How algae slime impacts the climate

September 23, 2013 - 06:46

Algae in the sea ice around the Arctic and the Antarctic convert CO2 into micro-gels. This makes it possible to see whether this cold slime actually counteracts climate change.

The ice algae secrete gel-like substances in response to environmental stress. New research shows that this micro-gel plays an important role in polar ocean carbon budgets. (Photo: David Thomas

Scientists can now calculate the amount of CO2 that algae in the ice around the poles convert into so-called exopolymers and thus pull out of the atmosphere.

The findings from a new study enable researchers to determine what effect these gel-like substances have on the global carbon balance and the ongoing climate change.

”By knowing the thickness and the amount of bacteria in the ice, we can now calculate how much slime is produced in the ice and thus also how much carbon is absorbed by the sea ice and pulled out of the atmosphere each year,” says Professor David Thomas, of Aarhus University’s Arctic Research Centre, who co-authored the study.

Life as an ice alga is not easy

Being an alga in the sea around the Arctic or the Antarctic is by no means a picnic.

Every year when winter arrives, their entire world freezes and they are trapped in a prison of ice.

Life conditions in the ice are not for the faint-hearted. Temperatures can reach minus 20 degrees C., and the brines in the ice channels are so salty that the environment would suck the algae dry of water, had they not protected themselves against this high salt concentration.

Luckily, millions of years of evolution have equipped the algae to survive their battle against the ice.

The gels promote the clumping together of cells when they are released from the ice when it melts. These sticky masses fall more rapidly to the seafloor, taking carbon (and food) out of the surface water. (Photo: David Thomas)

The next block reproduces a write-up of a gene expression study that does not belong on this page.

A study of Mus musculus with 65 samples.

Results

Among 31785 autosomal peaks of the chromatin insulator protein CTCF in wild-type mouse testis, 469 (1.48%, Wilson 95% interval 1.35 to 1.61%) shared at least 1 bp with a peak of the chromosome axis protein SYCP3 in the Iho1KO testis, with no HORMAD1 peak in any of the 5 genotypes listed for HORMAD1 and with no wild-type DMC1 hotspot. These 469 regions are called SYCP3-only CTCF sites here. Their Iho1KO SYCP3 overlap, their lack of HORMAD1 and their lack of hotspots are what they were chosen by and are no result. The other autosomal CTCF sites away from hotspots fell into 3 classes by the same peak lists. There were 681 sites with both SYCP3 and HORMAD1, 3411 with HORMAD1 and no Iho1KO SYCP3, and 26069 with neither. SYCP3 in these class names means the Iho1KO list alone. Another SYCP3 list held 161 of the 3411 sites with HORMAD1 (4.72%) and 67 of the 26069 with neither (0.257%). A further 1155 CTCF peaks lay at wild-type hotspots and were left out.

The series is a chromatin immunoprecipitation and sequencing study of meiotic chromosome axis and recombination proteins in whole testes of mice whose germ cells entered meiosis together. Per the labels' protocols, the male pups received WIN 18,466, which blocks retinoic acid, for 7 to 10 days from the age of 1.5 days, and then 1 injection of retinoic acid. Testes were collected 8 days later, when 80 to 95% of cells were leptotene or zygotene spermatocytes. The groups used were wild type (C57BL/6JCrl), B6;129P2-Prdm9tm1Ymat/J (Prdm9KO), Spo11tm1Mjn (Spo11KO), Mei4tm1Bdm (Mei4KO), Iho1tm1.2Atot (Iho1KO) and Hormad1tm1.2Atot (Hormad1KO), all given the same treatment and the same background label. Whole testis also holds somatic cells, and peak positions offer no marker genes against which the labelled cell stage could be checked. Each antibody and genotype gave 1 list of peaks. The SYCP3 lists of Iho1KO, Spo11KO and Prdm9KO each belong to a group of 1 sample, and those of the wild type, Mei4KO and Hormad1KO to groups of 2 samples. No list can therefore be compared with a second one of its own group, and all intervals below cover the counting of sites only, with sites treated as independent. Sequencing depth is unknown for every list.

This means that the algae can adjust their various biochemical molecules to prevent them from freezing.

Their cells replace saturated fatty acids with unsaturated fatty acids, which can stay afloat even at very low temperatures. The enzymes in the algae are also replaced by new ones that work better at low temperatures.

The cleverest tool in their survival kit, however, is a slimy substance that the algae cover themselves in. This slime, known as exopolymers, creates a barrier against the environmental stress, so that the algae do not make contact with the deadly brines that accumulate in the ice channels.

“These tools make it possible for the algae and the bacteria to survive in the ice over the winter,” says Thomas.

Slime traps carbon in the atmosphere

The gels promote the clumping together of cells when they are released from the ice when it melts. These sticky masses fall more rapidly to the seafloor, taking carbon (and food) out of the surface water.

There is also evidence that micro-gels at the ocean surface may get caught up into the air and eventually act as cloud-condensing nuclei, thereby affecting the weather. The gels therefore have profound implications for not only the long-term burial of carbon in the ocean floor, but also the global carbon budget and the weather.

An international project

Since 2006, Professor Thomas and two researchers from the University of Essex, UK, have led several projects to study the production of micro-gels and their widespread importance to the frozen realms of the world’s oceans.

We can estimate the concentration of gels in ice, by knowing rather routine measurements such as the thickness of the ice floes, temperature and salinity of the ice and the quantity of ice biology measured as the chlorophyll content of the ice.
Professor David Thomas

They teamed up with colleagues from Australia and Canada to collect and analyse ice cores from both the Arctic and the Antarctic.

Seven years on, and many frozen trips later, they are now able to determine the amounts of gel production from the ice microbes based on data of the physical nature of the ice and the amount of microbiology.

“It means that we can estimate the concentration of gels in ice, by knowing rather routine measurements such as the thickness of the ice floes, temperature and salinity of the ice and the quantity of ice biology measured as the chlorophyll content of the ice,” says Thomas.

“This is a huge step forward to enable us to estimate the significance of these materials for the millions of square kilometres of Antarctic and Arctic pack ice.”